Two men are dropped off on a rock in the middle of the ocean, left alone to tend the lighthouse. The men, let’s call them Wick and Winslow, though they mostly go by “Sir” and “lad”, are strangers about to get extremely cozy during the four weeks of their isolation.
Winslow (Robert Pattinson) is a young guy, a bit of a drifter, here to make some serious money and go home. Wick (Willem Dafoe) is gruff yet poetic, exacting yet frustrated by Winslow’s rule-abiding nature. The two rub each other wrong right from the start, and the thing about having absolutely nothing but each other’s company is that you’ll either become best friends or the worst of enemies.
The weeks pass slowly, marked by back-breaking work. There’s wanking and drinking and farting, but eventually their time is up. They’ve made it! Except that’s really just where the story starts.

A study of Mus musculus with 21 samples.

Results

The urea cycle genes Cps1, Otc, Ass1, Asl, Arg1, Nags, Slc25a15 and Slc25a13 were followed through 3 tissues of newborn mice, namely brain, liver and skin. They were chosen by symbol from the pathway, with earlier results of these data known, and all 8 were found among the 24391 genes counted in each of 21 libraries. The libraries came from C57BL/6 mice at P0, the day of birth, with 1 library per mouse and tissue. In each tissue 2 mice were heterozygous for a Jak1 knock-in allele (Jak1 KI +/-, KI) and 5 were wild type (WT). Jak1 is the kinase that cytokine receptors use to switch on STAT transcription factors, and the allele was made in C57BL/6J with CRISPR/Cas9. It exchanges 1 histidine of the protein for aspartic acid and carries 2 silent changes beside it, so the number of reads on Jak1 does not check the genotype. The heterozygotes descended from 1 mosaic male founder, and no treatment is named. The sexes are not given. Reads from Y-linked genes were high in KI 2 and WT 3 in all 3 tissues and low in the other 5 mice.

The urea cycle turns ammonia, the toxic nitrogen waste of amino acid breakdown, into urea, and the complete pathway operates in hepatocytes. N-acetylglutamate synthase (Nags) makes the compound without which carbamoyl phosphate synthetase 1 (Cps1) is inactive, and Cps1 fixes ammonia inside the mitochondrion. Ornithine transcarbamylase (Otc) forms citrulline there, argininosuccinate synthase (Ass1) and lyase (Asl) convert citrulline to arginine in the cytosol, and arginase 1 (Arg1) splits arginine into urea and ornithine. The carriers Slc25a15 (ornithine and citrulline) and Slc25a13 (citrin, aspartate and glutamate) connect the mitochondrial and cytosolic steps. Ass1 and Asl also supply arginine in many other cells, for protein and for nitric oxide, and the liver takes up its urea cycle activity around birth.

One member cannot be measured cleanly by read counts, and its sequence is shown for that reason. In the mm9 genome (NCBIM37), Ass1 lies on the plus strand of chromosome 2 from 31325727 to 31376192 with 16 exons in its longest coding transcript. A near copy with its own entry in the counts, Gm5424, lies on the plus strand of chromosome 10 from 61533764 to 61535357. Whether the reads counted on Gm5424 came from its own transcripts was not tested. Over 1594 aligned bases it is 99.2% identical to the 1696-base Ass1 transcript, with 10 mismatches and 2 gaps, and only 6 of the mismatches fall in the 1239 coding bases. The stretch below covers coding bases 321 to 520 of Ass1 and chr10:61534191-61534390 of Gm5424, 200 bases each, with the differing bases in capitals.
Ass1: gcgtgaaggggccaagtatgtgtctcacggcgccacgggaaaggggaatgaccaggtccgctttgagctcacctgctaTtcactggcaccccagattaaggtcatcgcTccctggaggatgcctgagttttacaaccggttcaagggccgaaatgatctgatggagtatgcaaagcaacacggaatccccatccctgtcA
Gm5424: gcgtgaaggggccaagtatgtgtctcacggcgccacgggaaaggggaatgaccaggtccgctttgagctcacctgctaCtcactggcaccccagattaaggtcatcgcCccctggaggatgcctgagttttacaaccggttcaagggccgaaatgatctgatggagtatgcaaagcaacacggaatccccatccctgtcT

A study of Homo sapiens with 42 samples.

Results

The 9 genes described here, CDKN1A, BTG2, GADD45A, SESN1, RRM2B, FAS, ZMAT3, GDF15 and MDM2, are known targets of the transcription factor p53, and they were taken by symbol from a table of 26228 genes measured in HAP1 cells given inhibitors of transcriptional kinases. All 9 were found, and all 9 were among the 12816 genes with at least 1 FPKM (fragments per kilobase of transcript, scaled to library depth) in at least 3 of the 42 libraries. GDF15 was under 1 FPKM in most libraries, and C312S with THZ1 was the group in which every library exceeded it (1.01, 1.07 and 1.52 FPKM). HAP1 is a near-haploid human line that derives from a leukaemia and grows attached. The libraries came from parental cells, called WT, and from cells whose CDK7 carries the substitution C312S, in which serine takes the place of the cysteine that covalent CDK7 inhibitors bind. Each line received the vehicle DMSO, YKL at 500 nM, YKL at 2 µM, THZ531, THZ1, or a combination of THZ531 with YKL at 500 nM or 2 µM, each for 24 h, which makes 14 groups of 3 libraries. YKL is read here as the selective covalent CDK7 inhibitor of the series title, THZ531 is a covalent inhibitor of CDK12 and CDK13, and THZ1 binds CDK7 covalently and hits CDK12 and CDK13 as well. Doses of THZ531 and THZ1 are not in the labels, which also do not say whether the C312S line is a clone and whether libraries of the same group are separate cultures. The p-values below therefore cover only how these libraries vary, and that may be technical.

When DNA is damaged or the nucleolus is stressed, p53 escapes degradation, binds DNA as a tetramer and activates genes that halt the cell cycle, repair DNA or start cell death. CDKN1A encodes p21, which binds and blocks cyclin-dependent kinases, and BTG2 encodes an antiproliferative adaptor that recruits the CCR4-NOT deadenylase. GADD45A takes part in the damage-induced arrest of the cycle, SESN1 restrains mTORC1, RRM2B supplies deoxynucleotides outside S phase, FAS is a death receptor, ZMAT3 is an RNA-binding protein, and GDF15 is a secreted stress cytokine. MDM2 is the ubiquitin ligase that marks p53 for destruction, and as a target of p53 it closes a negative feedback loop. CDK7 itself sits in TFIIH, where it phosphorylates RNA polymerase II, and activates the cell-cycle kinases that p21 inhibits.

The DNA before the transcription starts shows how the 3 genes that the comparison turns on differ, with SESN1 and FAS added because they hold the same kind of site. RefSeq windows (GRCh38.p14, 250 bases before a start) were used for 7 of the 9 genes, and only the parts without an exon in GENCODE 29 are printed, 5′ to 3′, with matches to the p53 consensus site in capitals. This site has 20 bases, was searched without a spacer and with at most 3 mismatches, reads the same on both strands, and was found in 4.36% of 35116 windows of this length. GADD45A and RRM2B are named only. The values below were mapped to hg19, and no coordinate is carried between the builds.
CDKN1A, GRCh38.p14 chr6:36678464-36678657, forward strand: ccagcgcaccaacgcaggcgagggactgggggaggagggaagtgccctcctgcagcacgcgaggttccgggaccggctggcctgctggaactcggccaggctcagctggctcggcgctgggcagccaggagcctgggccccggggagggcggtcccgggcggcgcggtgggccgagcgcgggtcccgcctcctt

A storm blows in, which means no boat can come for them. They’ve been stranded, but for how long? Days? Weeks? Time becomes meaningless, reality blurred. We’re witnessing a descent into madness, but the question is: whose? Winslow’s? Wick’s? Our own?
Shot in stark black and white, with an aching cinematography and an arresting sound design, Robert Eggers (director of the Witch) returns with a dizzying, disorienting film about madness.
The candlelight serves perfectly to illuminate Dafoe’s lined face, his fevered eyes leaving us to wonder whether he’s a psychopath or just a drunk. Dafoe and Pattinson spar thrillingly on screen, each pushed by the other to unravel even further. It’s magnetic even if it’s not always easy to watch.
The Lighthouse is full of omens and mythic imagery awaiting decoding. This film doesn’t have the same sense of unending, unbearable dread that the Witch did, but it will surprise and confound you in new and unique ways, daring you to look away.